Here’s the thing you need to know about Jeff Adrien: Nothing about having to keep proving he belongs is new to him.
Generally NBA players on the fringe were stars somewhere in college. So it can be a shock that sustaining a career at basketball’s top level isn’t a natural extension of excelling in college.
Adrien, at least temporarily the Charlotte Bobcats’ backup center, is different. At 6-foot-7 he wasn’t supposed to be Connecticut’s senior big man when point guard Kemba Walker was a Huskies freshman. So he sure wasn’t destined to be a contributor to the Bobcats now that Walker stars in Charlotte.
“He’s hungry,” Walker described. “He’s all about work. He’s always outworked everyone.”
Of late Adrien has imposed himself on the Bobcats (6-6), making a difference with Al Jefferson injured with various ankle ailments. Jefferson might be back Friday night against the Phoenix Suns, and if so, Adrien’s minutes might dry up.
But Adrien jumped in so effectively that he – not Bismack Biyombo, the seventh pick in 2011 – has been finishing games in Jefferson’s absence. In the second half Wednesday against the Brooklyn Nets, when the Bobcats built a 16-point lead, Adrien played 16½ minutes, Biyombo 7½. Adrien finished the game with 10 rebounds, seven points and a block.
A month ago, during training camp, Adrien seemed in jeopardy of being cut, since he is on a nonguaranteed contract.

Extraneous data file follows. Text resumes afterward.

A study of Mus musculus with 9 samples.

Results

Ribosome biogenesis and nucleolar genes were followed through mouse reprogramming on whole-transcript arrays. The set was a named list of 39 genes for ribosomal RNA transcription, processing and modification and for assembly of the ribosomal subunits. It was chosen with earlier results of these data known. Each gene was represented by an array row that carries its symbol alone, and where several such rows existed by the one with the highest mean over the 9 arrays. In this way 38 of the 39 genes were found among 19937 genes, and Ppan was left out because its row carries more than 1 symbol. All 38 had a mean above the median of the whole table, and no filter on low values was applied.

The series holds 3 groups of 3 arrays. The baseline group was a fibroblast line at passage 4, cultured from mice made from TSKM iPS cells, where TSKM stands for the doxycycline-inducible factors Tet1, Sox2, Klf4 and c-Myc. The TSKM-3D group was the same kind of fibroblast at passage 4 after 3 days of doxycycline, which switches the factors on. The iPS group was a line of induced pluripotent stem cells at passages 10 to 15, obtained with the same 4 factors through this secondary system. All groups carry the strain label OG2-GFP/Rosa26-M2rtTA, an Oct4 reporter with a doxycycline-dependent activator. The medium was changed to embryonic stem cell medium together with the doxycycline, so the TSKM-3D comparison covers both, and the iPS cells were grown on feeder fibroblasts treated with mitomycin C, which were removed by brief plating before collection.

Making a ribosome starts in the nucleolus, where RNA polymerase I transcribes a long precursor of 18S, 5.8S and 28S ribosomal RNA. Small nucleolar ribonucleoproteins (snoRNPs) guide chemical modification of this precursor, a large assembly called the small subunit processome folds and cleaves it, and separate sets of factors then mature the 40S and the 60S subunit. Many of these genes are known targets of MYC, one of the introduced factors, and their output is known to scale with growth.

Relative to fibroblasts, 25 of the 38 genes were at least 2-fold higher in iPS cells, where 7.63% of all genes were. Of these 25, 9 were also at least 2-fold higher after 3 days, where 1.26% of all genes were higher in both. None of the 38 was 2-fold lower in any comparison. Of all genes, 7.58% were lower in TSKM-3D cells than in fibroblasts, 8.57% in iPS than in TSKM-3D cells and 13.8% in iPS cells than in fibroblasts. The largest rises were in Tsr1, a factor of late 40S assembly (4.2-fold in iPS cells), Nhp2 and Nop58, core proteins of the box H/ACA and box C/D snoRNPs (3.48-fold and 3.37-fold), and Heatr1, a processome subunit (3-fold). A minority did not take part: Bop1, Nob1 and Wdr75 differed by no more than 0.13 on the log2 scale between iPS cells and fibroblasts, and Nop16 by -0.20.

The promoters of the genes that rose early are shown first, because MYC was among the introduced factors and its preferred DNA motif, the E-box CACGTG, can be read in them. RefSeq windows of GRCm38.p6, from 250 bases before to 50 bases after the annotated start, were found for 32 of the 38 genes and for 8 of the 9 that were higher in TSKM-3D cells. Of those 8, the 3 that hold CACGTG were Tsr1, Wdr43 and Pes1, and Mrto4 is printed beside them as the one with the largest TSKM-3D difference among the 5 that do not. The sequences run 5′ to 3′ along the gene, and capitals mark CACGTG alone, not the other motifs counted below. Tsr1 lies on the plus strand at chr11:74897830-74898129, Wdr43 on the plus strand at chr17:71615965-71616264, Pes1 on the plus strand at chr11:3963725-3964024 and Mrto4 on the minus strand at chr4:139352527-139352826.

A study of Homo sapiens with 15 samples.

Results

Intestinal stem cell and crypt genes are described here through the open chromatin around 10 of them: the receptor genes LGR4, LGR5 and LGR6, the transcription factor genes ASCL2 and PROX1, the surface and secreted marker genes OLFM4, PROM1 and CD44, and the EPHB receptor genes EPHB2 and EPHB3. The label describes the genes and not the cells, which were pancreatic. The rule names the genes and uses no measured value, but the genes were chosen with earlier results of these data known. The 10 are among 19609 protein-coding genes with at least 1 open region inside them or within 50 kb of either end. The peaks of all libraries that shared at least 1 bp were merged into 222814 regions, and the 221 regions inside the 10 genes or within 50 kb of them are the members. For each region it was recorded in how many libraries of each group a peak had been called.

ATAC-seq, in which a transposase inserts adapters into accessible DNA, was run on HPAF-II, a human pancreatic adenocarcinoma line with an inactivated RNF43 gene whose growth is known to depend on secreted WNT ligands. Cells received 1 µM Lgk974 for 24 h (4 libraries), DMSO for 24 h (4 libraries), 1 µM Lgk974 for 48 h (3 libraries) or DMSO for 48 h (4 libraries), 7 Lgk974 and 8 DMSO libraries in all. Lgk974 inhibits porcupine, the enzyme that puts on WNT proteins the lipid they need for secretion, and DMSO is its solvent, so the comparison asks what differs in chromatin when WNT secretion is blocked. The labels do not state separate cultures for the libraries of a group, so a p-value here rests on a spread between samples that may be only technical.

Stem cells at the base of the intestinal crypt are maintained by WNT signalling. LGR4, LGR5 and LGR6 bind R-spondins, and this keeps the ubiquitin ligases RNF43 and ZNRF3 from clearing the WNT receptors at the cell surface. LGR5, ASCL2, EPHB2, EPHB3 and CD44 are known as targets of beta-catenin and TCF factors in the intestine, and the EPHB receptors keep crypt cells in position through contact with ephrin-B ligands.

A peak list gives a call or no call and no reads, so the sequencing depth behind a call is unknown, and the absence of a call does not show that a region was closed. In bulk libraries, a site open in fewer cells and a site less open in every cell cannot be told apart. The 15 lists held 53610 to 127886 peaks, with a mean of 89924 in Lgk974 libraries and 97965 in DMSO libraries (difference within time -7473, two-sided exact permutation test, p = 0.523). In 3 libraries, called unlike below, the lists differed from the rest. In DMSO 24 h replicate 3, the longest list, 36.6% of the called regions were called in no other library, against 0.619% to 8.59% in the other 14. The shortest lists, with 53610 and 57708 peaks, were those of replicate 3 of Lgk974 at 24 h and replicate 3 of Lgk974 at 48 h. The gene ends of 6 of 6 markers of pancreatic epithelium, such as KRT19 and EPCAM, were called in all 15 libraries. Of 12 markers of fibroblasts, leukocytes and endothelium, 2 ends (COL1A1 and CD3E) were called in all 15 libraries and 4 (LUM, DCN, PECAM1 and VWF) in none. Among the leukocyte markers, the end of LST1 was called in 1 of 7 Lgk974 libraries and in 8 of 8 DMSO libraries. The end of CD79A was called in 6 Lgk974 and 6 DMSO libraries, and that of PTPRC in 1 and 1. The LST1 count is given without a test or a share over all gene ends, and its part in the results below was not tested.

The word “physicality” comes up constantly when Bobcats coach Steve Clifford talks about Adrien. Clifford is big on the idea of players sticking to what they do best during the season, while broadening their skill sets in the summer. Adrien seems a prime example.
“He’s undersized, and he’s not going to be a back-in scorer,” Clifford described. “But he’s quick, strong and tough as nails. When he gets away from that, he’s not as good.”
Adrien says he’s taken that to heart, not just because it’s his bosses agenda, but because it makes sense.
“There are things he’s been very specific about with me. Things I know I’m good at,” said Adrien, who has played parts of four NBA seasons with the Golden State Warriors, Houston Rockets and Bobcats.
“That’s definitely helped me play better – to keep it real simple out there. Just rebound, be tough and finish plays around the hoop. And team defense, of course. Protect that hoop.”
Adrien gets a kick out of the fact that years removed from Connecticut, Walker still sees him for what a work ethic can overcome.
“The other day he beat me into the gym. Give him credit for that,” Adrien said. “I learned early-on that hard work often beats talent.”